Supreme Dumplings serves six types of xiao long bao. Photograph by Amber Fouts.
An order of xiao long bao is a fleeting moment in time. They’re tough to make and quick to wither—a hothouse flower of a dumpling, its delicate skin improbably constraining a burst of hot soup. Dumpling fans might associate these with Shanghai, but in modern-day Seattle they come burnished with Sichuan peppers, filled with American heritage pork, or as the calling card of a popular Taiwanese chain.
Before March 2020, ordering these beauties to-go seemed about as practical as packing an ice cream cone in your checked luggage. But as society leaned into mobile orders and takeout, local soup dumpling purveyors adapted their recipes to travel, or embraced the art of freezing xiao long bao so you can steam your own at home. Here, our favorite local spots for soup dumplings.
Bellevue’s restaurant scene now includes this stylized house of soup dumplings, with polished service and a glimmering neutral-toned dining room seemingly inspired by those translucent dumpling skins. Supreme makes six types of xiao long bao. Each basket arrives with a set of tiny bamboo tongs and instructions to pinch the top of each dumpling when you transfer it to a spoon—testament to how delicate these are. The chicken and truffle version puts a pleasant, earthy spin on familiar flavors, but the Szechuan-inspired version, with its pepper-infused broth, pairs the delicate pleasure of a soup dumpling with the tingly, sinus-clearing appeal of legitimately spicy food. Reservations are 100 percent essential (even for weekday lunch), especially until Supreme completes its next-door dining room expansion.
Downtown Bellevue, Downtown Seattle, Tukwila, University District
The Taiwanese chain’s arrival in 2010 ushered in a golden era of xiao long bao obsession around these parts. Now our region boasts four DTF locations, all attached to major shopping malls. Each one has the signature window into the prep area, so you can watch dumpling makers folding and pinching while waiting for a table. The dumplings themselves are gloriously reliable, filled with high-end Kurobuta pork or a blend of pork and crab. The rest of Din Tai Fung’s menu hews to similarly high standards, from wontons to noodles to even the simplest side of greens.
It began as a mom-and-pop restaurant in Bellevue, luring fans with dan dan noodles, pan-fried Q-bao, and endless steamer baskets of xiao long bao. Now Dough Zone spans 11 locations in three states, with two more due soon in Woodinville and the University District. Each one serves XLB that belong in a handbook—thin skin filled with seasoned broth and pedigreed proteins like Berkshire-Duroc pork. Baskets come with just six dumplings, a subtle encouragement to sample more than one kind of filling. While takeout orders were rare pre-pandemic, the kitchen has tinkered with its recipe to ensure such delicate xiao long bao can travel without wilting.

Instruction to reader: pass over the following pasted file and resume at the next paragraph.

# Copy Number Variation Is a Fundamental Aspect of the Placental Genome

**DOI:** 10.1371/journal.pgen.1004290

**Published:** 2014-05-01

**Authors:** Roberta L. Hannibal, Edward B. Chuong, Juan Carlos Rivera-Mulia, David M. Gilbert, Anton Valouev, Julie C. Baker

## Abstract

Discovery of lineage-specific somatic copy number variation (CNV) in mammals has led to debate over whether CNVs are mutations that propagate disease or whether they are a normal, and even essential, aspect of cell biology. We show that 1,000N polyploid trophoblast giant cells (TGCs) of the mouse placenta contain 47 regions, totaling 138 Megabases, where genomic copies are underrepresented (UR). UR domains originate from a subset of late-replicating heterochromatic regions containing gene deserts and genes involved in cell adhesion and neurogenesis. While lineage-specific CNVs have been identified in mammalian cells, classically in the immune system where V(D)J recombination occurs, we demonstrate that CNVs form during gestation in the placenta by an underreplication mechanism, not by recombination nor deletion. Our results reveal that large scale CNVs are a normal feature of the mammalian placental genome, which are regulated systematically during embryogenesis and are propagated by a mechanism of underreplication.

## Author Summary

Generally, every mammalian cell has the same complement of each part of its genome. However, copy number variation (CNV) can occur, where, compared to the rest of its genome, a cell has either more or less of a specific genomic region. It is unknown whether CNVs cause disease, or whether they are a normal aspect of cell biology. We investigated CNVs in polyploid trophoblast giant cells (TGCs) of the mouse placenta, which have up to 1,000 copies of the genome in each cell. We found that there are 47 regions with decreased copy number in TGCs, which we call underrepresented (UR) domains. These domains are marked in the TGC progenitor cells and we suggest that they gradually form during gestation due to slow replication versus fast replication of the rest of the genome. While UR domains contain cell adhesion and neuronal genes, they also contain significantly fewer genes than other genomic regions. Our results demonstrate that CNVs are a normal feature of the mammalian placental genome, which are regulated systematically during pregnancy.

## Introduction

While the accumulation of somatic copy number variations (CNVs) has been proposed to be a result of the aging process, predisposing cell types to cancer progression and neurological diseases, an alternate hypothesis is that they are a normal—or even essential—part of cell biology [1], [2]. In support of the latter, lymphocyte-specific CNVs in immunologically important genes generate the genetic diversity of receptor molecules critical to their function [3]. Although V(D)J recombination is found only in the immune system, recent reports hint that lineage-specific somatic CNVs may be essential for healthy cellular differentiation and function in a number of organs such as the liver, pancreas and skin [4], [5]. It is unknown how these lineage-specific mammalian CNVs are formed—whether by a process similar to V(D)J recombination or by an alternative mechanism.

This spot just beneath the Chinatown gate is a neighborhood institution in the best possible way. That's partly because of owner Ping Liu’s motherly warmth, but mostly thanks to the enormous array of dumplings made daily in her kitchen. These include her specialty pan-fried lu bao, all manner of pot stickers, and eight varieties of xiao long bao, from crab and pork to beef, even lamb. Sturdy-to-thick wrappers encase a restrained amount of soup and filling garnished with generous bits of green onion. They’re great with a bubble tea in Ping’s trim dining room (and a dose of her exceptional, tingly chili oil); also available frozen, in bags of 50, to steam at home.
Among the more unusual pandemic pivots: XCJ’s journey from casual counter within a Bellevue food court to purveyor of a nationwide xiao long bao subscription service. Like so many other restaurant owners, Jennifer Liao and Caleb Wang started experimenting with delivery and frozen food during the restaurant shutdown. The results of their extensive R&D essentially transformed their restaurant into a production facility for frozen dumplings. Ten minutes in a bamboo steamer, and they’re as delicate and flavor-packed as anything served in a restaurant. You can still visit the counter for a ready-to-eat lunch of XLB (or their original signature, the sheng jian bao). Or just pick up a stylish bag of 50 frozen dumplings (pork, chicken, or shrimp and pork) here and sidestep shipping fees. Best to throw in a green jar of ginger scallion sauce, equally marvelous over dumplings, or straight from the spoon.
A temple of carbs occupies a modest storefront on Lake City Way’s main drag, comforting us with stuffed pancakes, pan-fried bao, and wontons in chili sauce. Petite xiao long bao, not much bigger than a coat button, display a marksman’s ability with pinches and pleats. While other XLB specialists in town might be a better destination to satisfy a particular craving, Mount and Bao’s version happily rounds out a meal of overarching doughy excellence. A freezer by the front register has tons of frozen dumplings, including soup dumplings in 10-piece packages.
The kitchen whose highlights include a legendary scallion pancake added xiao long bao to its repertoire so regular takeout customers could change things up a bit during the pandemic. They’re still on the menu—petite like gumdrops, with refined pleats that resemble tiny pinwheels. Inside, both soup and pork filling are impeccably seasoned. This neighborhood institution has adapted its cash-only policy—somewhat—to take payments via Venmo.